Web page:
The Swiss politicians pushing to extend Covid laws

The Swiss politicians pushing to extend Covid laws

Tue, May 23rd 2023

The most controversial issue on the ballot in June is whether Switzerland will keep emergency Covid-19 laws in place – giving the government the ability to close borders, spend emergency funds on medicines, and re-instate the Mobile Covid Certificate.
Lorenz Hess, center, speaks during a press conference for a “Yes to the Covid law” on Monday, May 22, 2023 in Bern (Keystone SDA).

(Keystone SDA) Although Covid has largely disappeared from everyday life, it remains unpredictable, according to a committee of Swiss parliamentarians who are advocating that Swiss voters extend emergency Covid laws when they go to the polls next month.

Members of the Social Democratic Party (SP), the Green Party, the Green Liberal Party (GLP), the Freed Democratic Party (FDP), the Center Party, and the Evangelical People’s Party (EVP) are jointly campaigning for the extension of the Covid-19 Act under the argument that it protects those who are vulnerable. Voting will take place on June 18th.

“It’s better to be well prepared than badly surprised,” said Central National Councilor Lorenz Hess on Monday at a press conference in Bern. With the extension of the Covid law, action could be taken quickly if necessary, without applying emergency law. “The virus is still circulating heavily,” he said.

“It is our duty to protect people who are particularly at risk,” said Green National Councilor Manuela Weichelt. 

Their campaign “Yes to the Covid law” in German and French (Keystone SDA).
Pandemic ‘not over’ for the immunosuppressed

“For people with a suppressed immune system the pandemic is not over yet,” said Weichelt. These people could be specifically protected with the extended regulations in the workplace, the use of medicines that have not yet been approved and the promotion of manufacturing such medicines, Weichelt added.

The provisions on medicines could be crucial for those who are particularly at risk, added National Councilor Sarah Wyss (SP). Since September 2020, several drugs have been made available. 

Wyss assumes that there are currently around 70,000 long-Covid cases in Switzerland. For them, too, the extension of the relevant legal provision secures access to medicines, Wyss said.

Read more: How many Swiss died from the Covid vaccine?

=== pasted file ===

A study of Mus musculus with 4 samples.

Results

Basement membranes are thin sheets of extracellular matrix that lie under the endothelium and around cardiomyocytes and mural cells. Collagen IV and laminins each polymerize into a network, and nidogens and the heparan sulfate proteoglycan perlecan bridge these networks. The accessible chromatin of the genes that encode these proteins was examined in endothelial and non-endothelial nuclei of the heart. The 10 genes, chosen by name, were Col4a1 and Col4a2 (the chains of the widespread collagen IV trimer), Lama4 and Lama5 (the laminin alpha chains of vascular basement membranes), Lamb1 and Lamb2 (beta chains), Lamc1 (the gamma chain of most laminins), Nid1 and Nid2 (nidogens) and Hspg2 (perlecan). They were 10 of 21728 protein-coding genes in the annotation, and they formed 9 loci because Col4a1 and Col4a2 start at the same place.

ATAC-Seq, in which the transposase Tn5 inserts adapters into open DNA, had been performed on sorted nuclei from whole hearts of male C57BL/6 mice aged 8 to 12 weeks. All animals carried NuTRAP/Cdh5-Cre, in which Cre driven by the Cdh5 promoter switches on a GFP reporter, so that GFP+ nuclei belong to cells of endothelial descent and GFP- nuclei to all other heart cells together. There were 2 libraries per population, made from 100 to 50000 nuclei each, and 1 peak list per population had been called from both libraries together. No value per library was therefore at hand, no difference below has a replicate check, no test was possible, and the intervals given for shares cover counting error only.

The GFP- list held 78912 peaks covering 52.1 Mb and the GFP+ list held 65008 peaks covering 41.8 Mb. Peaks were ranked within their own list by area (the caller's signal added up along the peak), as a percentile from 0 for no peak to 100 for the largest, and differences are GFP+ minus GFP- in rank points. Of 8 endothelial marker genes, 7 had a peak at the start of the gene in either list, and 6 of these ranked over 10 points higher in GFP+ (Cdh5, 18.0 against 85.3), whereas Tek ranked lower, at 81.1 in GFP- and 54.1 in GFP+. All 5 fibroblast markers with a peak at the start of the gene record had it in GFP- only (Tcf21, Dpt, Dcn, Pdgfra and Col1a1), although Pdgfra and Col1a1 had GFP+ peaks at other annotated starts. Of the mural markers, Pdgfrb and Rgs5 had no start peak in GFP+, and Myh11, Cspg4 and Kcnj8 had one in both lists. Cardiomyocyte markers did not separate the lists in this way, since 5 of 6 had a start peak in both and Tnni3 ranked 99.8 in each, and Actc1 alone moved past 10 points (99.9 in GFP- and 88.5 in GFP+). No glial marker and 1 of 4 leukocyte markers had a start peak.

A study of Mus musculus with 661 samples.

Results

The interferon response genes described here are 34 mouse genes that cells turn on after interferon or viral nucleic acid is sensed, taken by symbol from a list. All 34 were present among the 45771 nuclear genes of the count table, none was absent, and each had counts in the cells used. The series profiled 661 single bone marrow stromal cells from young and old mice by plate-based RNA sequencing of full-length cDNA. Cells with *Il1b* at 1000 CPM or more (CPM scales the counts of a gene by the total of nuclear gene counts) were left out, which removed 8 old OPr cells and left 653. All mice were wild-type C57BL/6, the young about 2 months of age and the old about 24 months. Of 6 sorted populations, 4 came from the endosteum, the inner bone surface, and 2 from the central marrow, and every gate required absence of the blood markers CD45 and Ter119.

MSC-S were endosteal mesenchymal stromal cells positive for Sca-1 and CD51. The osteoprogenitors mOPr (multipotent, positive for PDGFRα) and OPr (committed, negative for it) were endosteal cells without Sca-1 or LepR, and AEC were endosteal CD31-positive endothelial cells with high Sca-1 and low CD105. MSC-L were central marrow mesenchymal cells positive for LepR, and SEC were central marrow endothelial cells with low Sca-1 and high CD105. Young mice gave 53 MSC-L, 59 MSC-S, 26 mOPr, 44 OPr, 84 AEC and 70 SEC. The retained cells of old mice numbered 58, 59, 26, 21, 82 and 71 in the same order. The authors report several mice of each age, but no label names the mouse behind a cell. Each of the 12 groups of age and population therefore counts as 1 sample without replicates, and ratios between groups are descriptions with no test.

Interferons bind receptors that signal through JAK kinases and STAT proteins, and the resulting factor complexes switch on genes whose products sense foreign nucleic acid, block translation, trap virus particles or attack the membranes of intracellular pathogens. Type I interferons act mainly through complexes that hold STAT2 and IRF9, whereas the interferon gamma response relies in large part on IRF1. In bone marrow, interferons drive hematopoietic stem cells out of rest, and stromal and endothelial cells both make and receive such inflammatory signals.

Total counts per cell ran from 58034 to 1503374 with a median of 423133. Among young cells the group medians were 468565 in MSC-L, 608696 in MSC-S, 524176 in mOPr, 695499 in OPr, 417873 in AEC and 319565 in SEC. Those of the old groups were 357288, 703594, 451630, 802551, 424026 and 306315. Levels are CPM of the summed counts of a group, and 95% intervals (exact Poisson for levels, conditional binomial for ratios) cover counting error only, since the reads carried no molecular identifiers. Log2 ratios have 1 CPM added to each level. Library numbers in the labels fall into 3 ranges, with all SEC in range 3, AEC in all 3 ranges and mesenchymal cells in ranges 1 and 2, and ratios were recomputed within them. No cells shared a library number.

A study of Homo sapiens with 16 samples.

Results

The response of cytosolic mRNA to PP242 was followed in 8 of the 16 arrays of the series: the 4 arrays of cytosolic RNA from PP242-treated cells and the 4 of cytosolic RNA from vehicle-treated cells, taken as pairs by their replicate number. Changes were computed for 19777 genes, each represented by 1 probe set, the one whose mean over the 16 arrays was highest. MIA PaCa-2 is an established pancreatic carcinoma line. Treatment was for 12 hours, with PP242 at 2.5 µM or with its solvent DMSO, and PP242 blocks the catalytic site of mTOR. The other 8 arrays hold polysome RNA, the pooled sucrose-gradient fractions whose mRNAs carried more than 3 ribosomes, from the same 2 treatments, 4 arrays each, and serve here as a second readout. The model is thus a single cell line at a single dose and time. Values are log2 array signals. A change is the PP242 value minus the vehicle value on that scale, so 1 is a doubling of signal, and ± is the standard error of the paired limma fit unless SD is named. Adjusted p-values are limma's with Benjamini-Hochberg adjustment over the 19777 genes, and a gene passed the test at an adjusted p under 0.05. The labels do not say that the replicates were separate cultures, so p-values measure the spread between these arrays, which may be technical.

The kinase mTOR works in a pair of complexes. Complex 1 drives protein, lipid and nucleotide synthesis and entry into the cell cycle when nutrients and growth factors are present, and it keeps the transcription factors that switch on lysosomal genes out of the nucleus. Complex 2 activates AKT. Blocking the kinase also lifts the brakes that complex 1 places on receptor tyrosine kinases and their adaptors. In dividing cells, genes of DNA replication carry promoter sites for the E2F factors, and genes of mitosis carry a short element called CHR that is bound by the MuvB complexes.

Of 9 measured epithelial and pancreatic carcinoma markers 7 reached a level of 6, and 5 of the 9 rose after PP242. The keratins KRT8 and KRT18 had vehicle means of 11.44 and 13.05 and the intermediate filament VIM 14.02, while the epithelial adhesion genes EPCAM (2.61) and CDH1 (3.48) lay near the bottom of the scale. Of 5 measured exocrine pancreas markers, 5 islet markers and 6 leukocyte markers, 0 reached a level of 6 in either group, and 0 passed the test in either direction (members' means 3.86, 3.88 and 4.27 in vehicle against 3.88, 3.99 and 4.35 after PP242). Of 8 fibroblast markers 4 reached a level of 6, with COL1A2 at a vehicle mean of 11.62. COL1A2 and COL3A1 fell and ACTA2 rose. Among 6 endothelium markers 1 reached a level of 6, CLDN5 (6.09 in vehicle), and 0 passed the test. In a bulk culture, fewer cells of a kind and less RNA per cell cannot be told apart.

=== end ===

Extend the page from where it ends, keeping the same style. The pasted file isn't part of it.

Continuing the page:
Nicolas Rimoldi, President of the group that successfully collected enough signatures to put the Covid law extension to a voter referendum hands over signatures to the Federal Chancellery (Keystone SDA).
Domestic certificates ‘unlikely’

The Federal Council and Parliament also want to secure the legal basis for restarting the controversial Covid Mobile Certificate and for issuing certificates for those who have been vaccinated, those who have recovered and those who have tested negative. 

National Councilor Jörg Mäder (GLP) said it was highly unlikely that the certificate would again be used domestically. This is only conceivable if a new, dangerous virus variant poses an acute threat to health care, Mäder said.

“Fortunately, that’s not foreseeable at the moment,” he said. 

In the opinion of the committee, the extension is also necessary to protect the economy against a renewed flare-up of the pandemic. The acute crisis management is followed by a transition phase in which increased vigilance and the ability to react quickly are required, said Uri FDP member Josef Dittli.

Swiss protestors in Bern called for Covid laws to end in 2022 (Keystone SDA).
Border traffic regulations

The Covid-19 law made it possible for around 400,000 cross-border commuters to commute to Switzerland despite the pandemic, including employees of homes and hospitals, Dittli said. This exception should still be possible, he added.

Marc Rüdisüli, President of the Young Centrist Party, addressed younger voters. For them, the measures against the corona virus were drastic, he said. 

“I understand that this law triggers a queasy feeling,” he said. It is not about introducing measures, but about being prepared. As a young person, he sees himself as having a responsibility towards his parents, grandparents and society.

The supporters say that the last extension of the Covid-19 law is now up for debate. Dittli said that lessons from the pandemic would be incorporated into the revision of the Epidemics Act that the Federal Council is currently preparing. 

The Covid vaccine was never mandatory, but about 68% of Swiss people have had at least one dose.
The ‘no’ committee: This is ‘unnecessary’

Those against extending the Covid-19 regulations say the Mobile Covid Certificate is useless and discriminatory. The most popular political party in Switzerland, the SVP, opposes reinstating the restrictions.

While Covid-19 vaccines were never mandatory in Switzerland, they were heavily encouraged. Over the course of 2021, Switzerland launched a nationwide campaign persuading residents to get vaccinated. As part of that campaign, Switzerland created the Covid Mobile Certificate to distinguish between residents who had been vaccinated and those who had not.

Swiss restaurants, bars, cinemas, and other public places required patrons to first show proof they had been vaccinated before entering. Residents who chose not to be vaccinated said they felt ostracized and protested by the thousands against the certificate.

Should Swiss voters choose to vote down Parliament’s extension next month, all Covid measures will be dropped by mid-December of this year.

This article was reprinted with permission from Keystone-SDA.